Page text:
The final stretch of the TCA took us to the suburbs for new ABC sitcom Suburgatory. Jeremy Sisto stars as a father who moves his teen daughter Tessa (Jane Levy) from the big city to the 'burbs after he finds condoms in her drawer. He then hopes that she'll get a more sheltered upbringing, but the new neighborhood turns out to be scarier in many ways. Creator Emily Kapnek and actors Sisto, Levy, Cheryl Hines and more talked at their panel about where the inspiration for the show came from, and why these crazy characters may not be so crazy after all.
- Sisto was asked about his move into comedy and he admitted to shying away from it after Clueless, but he's ready to embrace it again. Since his last series, Law & Order, was so dramatic, Sisto said the tone change made him "feel like I've had shackles removed a little." To his credit, costar Hines says that Sisto is "very funny in real life, [but] most people haven't seen that part of his personality."
- Hines was naturally asked how this experience differs from working on Curb Your Enthusiasm. She said it was completely different, because Curb "is meant to feel almost like a documentary," where everything is low-key, but Kapnek "has created this entire world" with a heightened reality. Of her new show, Hines had lots of compliments to shower, saying the "dialogue is very clever and smart and clearly written . . . as opposed to Curb Your Enthusiasm." Burn?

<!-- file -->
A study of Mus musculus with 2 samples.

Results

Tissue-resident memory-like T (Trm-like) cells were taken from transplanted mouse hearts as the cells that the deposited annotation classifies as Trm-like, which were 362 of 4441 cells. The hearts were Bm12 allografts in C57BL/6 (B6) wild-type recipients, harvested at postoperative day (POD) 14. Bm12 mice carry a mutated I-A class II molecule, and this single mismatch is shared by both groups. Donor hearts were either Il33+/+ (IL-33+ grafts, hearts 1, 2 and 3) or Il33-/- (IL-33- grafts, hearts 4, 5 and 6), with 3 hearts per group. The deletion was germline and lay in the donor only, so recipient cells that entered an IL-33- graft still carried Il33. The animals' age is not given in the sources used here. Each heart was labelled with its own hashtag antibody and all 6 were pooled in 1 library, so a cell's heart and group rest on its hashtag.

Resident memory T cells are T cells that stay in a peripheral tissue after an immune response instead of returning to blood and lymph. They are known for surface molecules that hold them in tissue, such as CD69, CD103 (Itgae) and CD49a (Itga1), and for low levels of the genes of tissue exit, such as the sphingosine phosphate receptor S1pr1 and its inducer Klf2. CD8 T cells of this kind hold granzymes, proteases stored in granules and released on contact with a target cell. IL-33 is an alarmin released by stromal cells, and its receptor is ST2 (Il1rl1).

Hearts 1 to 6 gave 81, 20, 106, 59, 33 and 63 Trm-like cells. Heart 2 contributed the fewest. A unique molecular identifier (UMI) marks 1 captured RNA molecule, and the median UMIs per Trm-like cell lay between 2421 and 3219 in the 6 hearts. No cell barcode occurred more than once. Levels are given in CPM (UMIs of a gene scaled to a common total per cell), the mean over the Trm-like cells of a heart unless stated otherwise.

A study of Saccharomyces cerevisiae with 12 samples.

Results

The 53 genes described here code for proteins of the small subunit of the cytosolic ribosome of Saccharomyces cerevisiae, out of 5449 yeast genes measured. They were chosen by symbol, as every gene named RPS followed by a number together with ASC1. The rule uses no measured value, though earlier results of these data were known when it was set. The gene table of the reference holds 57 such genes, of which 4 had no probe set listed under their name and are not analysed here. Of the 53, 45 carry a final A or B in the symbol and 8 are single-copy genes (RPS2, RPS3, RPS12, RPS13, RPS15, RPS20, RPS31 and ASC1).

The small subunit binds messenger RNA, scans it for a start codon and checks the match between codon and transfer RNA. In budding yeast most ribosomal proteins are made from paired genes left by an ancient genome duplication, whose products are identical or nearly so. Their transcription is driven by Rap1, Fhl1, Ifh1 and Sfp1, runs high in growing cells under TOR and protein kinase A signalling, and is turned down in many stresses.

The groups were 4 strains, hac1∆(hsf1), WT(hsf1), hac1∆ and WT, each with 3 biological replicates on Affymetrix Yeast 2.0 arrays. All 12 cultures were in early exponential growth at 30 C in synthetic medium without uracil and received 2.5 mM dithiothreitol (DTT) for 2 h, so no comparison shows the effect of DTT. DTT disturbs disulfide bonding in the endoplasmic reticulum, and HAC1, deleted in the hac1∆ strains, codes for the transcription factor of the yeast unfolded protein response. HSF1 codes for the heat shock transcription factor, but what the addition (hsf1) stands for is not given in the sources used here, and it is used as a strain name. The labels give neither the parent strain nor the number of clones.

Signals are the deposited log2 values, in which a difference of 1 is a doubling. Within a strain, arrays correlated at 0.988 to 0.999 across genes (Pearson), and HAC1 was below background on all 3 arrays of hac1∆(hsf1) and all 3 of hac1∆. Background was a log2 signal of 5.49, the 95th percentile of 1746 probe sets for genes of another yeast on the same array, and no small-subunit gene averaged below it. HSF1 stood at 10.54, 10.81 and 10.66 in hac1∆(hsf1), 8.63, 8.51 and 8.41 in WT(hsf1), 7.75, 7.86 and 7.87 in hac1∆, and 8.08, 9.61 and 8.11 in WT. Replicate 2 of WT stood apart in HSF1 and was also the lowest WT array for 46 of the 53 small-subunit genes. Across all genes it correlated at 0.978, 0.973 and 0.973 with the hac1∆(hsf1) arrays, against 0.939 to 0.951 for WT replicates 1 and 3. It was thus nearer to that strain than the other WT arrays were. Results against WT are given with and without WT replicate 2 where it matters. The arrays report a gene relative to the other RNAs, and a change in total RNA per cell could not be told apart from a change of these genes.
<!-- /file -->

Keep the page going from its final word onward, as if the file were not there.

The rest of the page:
- Rex Lee, who plays the maligned principal at Tessa's school, talked about finding a new home on Suburgatory in the wake of Entourage ending. He let on that he was a little stressed about the process, exclaiming that he felt like he "just finished work on Entourage yesterday! Where's the next job?" and adding, "I'm joking and I'm not joking." Of his two different characters, Lee said that "Lloyd has to deal with some sort of overt abuse, whereas Mr. Wolf is sort of suffering from neglect," because the students don't acknowledge he exists, until Tessa moves to town and becomes someone that listens to him.